SDSU Extension water management engineer Chris Hay and his colleagues have been busy installing "bioreactors" on agricultural land in eastern South Dakota. By the end of 2013, five demonstration sites will be established showcasing these conservation drainage systems which are designed to reduce nitrates that may be in drainage waters.
"Protecting surface waters from excess nutrients is the goal," explains Hay. Jeppe Kjaersgaard, an assistant professor of agricultural and environmental water management with the South Dakota Water Resources Institute at SDSU and Erin Cortus and Todd Trooien with SDSU's Department of Agricultural and Biosystems Engineering have also helped coordinate installation of the demonstration sites.
Hay explains that traditional subsurface tile drainage systems are effective in reducing sediment and phosphorus losses, however many studies indicate that subsurface drainage enhances the movement of nitrate-nitrogen to surface waters. He notes that while improved management of nitrogen fertilizer and animal manure is one important method for reducing nitrate losses, good nutrient management is not always enough, and bioreactors are being studied as a management tool to help remove additional nitrate from drainage water that would otherwise leave the field.
A bioreactor includes a subsurface trench located along the edge of a field and filled with a carbon source, typically wood chips, through which the drainage water is passed. The carbon source in the trench serves as a material for soil microbes to colonize. The microbes feed on the carbon source and 'breathe' the nitrate converting it into nitrogen gas. This process is called denitrification, which releases nitrogen gas harmlessly into the atmosphere.
Control structures are used to control the flow of water through the bioreactor and to allow excess flows to bypass the system so that drainage isn't restricted. Hay reports that much of the initial research with bioreactors has been conducted in Illinois and Iowa. Results of research on pilot scale and field scale bioreactors indicates that they can reduce nitrate levels in drainage water by 30 to 70 percent.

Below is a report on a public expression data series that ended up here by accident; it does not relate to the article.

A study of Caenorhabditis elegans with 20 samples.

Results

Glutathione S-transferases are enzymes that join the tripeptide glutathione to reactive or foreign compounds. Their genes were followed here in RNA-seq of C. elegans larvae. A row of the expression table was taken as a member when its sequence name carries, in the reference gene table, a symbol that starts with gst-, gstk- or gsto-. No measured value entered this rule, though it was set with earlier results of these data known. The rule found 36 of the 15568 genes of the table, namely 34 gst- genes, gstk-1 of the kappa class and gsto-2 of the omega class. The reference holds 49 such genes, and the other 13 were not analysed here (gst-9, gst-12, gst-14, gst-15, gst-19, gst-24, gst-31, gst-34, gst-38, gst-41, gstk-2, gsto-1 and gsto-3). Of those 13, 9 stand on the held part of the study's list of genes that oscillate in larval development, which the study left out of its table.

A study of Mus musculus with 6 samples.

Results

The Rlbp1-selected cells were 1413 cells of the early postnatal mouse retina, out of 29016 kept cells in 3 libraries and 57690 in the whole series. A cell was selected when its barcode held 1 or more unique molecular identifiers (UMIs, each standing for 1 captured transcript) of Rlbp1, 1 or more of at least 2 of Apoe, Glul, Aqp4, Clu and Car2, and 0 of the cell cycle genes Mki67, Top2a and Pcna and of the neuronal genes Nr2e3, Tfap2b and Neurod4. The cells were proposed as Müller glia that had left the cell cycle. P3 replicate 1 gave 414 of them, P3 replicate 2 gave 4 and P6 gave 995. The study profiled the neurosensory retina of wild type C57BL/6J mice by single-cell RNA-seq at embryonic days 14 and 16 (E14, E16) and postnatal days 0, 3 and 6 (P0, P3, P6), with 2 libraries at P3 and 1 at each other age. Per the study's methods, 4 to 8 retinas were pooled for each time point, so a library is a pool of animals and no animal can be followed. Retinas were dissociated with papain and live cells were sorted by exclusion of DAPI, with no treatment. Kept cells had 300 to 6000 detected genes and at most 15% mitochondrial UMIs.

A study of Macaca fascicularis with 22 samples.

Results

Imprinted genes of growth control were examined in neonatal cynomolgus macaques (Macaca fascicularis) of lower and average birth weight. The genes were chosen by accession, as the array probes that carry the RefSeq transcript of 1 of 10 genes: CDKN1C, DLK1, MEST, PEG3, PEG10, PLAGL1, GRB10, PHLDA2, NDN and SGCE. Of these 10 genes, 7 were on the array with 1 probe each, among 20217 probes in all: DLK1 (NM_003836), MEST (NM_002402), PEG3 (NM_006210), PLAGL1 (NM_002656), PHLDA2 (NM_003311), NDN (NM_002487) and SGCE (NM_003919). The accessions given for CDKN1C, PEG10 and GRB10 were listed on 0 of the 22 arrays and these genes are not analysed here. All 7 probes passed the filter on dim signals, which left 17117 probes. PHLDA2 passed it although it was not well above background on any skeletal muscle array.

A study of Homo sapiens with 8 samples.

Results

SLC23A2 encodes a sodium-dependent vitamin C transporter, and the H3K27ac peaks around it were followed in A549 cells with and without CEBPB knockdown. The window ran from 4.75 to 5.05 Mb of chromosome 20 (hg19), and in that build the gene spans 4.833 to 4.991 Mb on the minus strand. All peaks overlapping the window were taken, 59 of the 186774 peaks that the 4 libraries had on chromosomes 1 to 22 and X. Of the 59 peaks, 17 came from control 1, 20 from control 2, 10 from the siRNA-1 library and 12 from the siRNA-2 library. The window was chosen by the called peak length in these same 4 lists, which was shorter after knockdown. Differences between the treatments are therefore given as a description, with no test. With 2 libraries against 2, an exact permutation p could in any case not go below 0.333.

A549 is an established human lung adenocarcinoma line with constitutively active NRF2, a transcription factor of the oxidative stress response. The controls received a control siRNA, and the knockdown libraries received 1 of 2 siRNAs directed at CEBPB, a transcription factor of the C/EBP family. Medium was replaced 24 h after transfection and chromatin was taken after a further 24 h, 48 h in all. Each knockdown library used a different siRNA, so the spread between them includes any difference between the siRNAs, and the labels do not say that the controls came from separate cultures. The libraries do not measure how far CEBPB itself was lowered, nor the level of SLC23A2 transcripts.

The demonstration sites established in South Dakota have all been on private landowner properties with funding through a Conservation Innovation Grant through the Natural Resources
Conservation Service (NRCS). Hay says these sites will be monitored for their performance in removing nitrates and the information will be utilized in helping establish best management practices and potential cost share guidelines for installation of future sites through NRCS conservation programs.
"Our long-term goal is investigating, developing, evaluating, and transferring practices that maintain the benefits of agricultural subsurface drainage while minimizing unwanted environmental impacts," says Hay.
The five established demonstration sites are near Baltic, Montrose, Arlington, Beresford and Canton. They will be utilized for field days and the monitoring results will be publically available.
A collaborative effort has made these demonstration sites possible. The effort involves researchers from the Department of Agricultural and Biosystems Engineering and Water Resources Institute at SDSU and is supported by a grant from the USDA Natural Resources Conservation Service. Additional support comes from South Dakota Corn Utilization Council, East Dakota Water Development District, the South Dakota Farm Bureau, the South Dakota Soybean Research and Promotion Council and the Vermillion Basin Water Development District.